Start ups think internationally. One great best practice for this is ecoligo. Started in Berlin, currently relocating to Frankfurt and Accra/Ghana, these guys developed an extremely innovative business model: Making it possible for businesses in developing countries to finance solar systems plus giving (crowd)investors in Europe the chance to invest in exactly these systems – with incredible high return rates. Anybody searching for a chance to invest some money and doing good by saving the climate: Their first project is just about to be launched. Martin Baart, CEO, spoke to us about their challenges and chances.
Describe your product and its history! What is your unique value proposition and your business model?
Ecoligo has a two-sided business model: we work with local partners to build and operate solar systems for businesses and we finance these projects through our crowdinvesting platform.
Markus, my co-founder, and I founded ecoligo in order to close the finance gap that stops solar projects from being realized in developing countries. By selling solar power to our clients through a contracting model, we offer them savings of around 40% on their electricity costs; a saving that makes a huge difference to companies whose electricity costs can make up for 80% of their expenditure. We offer these projects to private investors with returns of 5-8%, and once the crowd has been paid back our clients have sole ownership of their solar systems.
What is your vision in regards to the future of the energy economy? And how does your product contribute to this future?
The future of the energy economy is CO2 emission free energy generation that meets the energy needs of the entire world. We are exporting the German Energiewende into countries who have a great solar resource, but also struggle currently with high energy cost and lack installed capacity to meet the ever-growing demand on energy. Our product addresses the biggest energy consumers of developing countries, freeing up grid electricity and paving the way for renewable energy sources to become the norm for new capacity.
What are, in your opinion, the key challenges of the energy transition in general, and what are they specifically for your startup?
In general, I believe the biggest obstacles are still misinformed people who support the wrong technologies based on their knowledge. Furthermore, the populistic change we see happening in the world today allows world leaders to deny climate change and decide upon the wrong policies.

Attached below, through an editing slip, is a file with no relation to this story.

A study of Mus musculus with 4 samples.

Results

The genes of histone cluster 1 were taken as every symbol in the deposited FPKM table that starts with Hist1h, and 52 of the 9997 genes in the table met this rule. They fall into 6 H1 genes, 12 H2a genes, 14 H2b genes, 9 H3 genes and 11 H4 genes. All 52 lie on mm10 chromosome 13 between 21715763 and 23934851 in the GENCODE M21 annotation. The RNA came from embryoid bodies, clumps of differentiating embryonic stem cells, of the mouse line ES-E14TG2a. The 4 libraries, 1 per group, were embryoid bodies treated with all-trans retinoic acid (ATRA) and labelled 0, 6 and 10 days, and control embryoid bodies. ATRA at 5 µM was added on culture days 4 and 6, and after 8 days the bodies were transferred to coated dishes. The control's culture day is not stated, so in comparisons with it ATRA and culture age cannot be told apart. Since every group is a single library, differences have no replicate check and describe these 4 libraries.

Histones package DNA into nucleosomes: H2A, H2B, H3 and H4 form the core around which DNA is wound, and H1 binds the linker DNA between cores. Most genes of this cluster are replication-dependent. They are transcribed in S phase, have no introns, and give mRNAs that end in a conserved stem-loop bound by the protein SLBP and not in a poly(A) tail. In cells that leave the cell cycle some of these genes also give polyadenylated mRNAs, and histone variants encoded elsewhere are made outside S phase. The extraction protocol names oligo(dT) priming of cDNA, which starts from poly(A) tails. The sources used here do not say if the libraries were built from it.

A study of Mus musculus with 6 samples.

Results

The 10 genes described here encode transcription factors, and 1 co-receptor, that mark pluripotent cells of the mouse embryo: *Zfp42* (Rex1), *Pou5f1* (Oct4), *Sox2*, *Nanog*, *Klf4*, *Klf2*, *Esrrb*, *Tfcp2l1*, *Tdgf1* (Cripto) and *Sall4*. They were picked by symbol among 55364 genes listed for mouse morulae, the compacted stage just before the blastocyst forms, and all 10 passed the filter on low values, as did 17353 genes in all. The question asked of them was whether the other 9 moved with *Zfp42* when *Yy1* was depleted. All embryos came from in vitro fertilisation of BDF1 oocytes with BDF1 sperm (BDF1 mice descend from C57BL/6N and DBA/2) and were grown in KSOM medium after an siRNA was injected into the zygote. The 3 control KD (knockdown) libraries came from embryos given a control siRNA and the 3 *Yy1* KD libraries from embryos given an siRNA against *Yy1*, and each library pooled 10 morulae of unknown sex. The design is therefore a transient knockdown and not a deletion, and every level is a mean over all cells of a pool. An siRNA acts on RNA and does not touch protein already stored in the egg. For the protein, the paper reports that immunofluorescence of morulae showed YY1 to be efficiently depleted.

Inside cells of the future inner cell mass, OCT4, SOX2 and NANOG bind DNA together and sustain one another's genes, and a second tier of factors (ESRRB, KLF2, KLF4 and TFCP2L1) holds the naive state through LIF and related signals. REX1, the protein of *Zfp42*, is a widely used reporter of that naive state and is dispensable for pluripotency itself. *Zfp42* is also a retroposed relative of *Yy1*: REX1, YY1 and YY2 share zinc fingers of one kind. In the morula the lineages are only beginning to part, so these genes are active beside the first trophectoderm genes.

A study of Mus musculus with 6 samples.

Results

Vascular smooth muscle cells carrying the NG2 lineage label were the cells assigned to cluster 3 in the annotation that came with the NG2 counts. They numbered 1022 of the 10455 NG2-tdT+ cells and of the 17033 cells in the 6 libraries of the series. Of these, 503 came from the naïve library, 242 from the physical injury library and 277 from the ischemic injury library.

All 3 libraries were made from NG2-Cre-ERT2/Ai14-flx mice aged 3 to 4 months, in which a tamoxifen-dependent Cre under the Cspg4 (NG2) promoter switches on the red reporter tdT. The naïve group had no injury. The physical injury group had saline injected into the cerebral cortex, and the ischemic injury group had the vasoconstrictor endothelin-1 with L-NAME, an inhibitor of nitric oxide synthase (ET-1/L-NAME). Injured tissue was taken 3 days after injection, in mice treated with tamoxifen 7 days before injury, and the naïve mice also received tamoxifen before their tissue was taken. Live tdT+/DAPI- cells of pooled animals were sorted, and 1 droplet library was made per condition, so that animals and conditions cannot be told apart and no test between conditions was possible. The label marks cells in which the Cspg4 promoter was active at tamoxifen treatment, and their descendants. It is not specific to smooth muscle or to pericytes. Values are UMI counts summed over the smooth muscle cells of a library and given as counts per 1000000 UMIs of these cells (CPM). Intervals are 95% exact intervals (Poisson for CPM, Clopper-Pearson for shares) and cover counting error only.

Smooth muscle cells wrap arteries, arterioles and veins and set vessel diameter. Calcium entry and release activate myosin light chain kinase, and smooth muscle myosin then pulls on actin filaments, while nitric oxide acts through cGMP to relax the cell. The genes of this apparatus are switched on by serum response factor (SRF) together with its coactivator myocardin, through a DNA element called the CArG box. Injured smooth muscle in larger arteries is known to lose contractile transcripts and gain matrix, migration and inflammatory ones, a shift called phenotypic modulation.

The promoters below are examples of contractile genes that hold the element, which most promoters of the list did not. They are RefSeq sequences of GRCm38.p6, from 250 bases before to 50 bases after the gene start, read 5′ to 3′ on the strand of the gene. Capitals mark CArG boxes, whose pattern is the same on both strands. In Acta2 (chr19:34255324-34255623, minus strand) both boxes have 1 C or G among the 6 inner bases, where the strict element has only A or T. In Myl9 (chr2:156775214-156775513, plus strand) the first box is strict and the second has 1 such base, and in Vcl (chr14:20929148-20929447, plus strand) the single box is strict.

For our startup the struggle is even more eminent. Our customers know solar energy only from solar lanterns. One of their biggest concerns is that solar technology would not allow them to run their factories and companies on solar – an idea that is in complete contrast to the reality of today’s solar landscape. There is a lot of customer education required to bring the understanding of what solar technology is capable of to these countries.
Where are you based, and who are the key innovation drivers in the energy ecosystem in your region?
We are currently based in Berlin, but are soon moving to Frankfurt and before that opening our first local subsidiary in Ghana. In Berlin, the start-up specific players such as Climate-KIC and InnoEnergy are important when it comes to innovation, as they support the business ideas of start-ups that could have a great impact on our environment. For us it is important that we, together with the Impact HUB in Accra, shape that ecosystem and become a major player of it – both in Germany and our project countries.
ecoligo is a solar utility that provides low-cost energy to local businesses in emerging markets. It finances the solar systems through crowdinvesting, offering projects to private investors while closing the finance gap that prevents these solar projects from being realised. By offering investments that not only provide a fixed and attractive return, but also cut CO2 emissions and support economic growth, ecoligo enables citizens to participate in the acceleration of the global energy transition.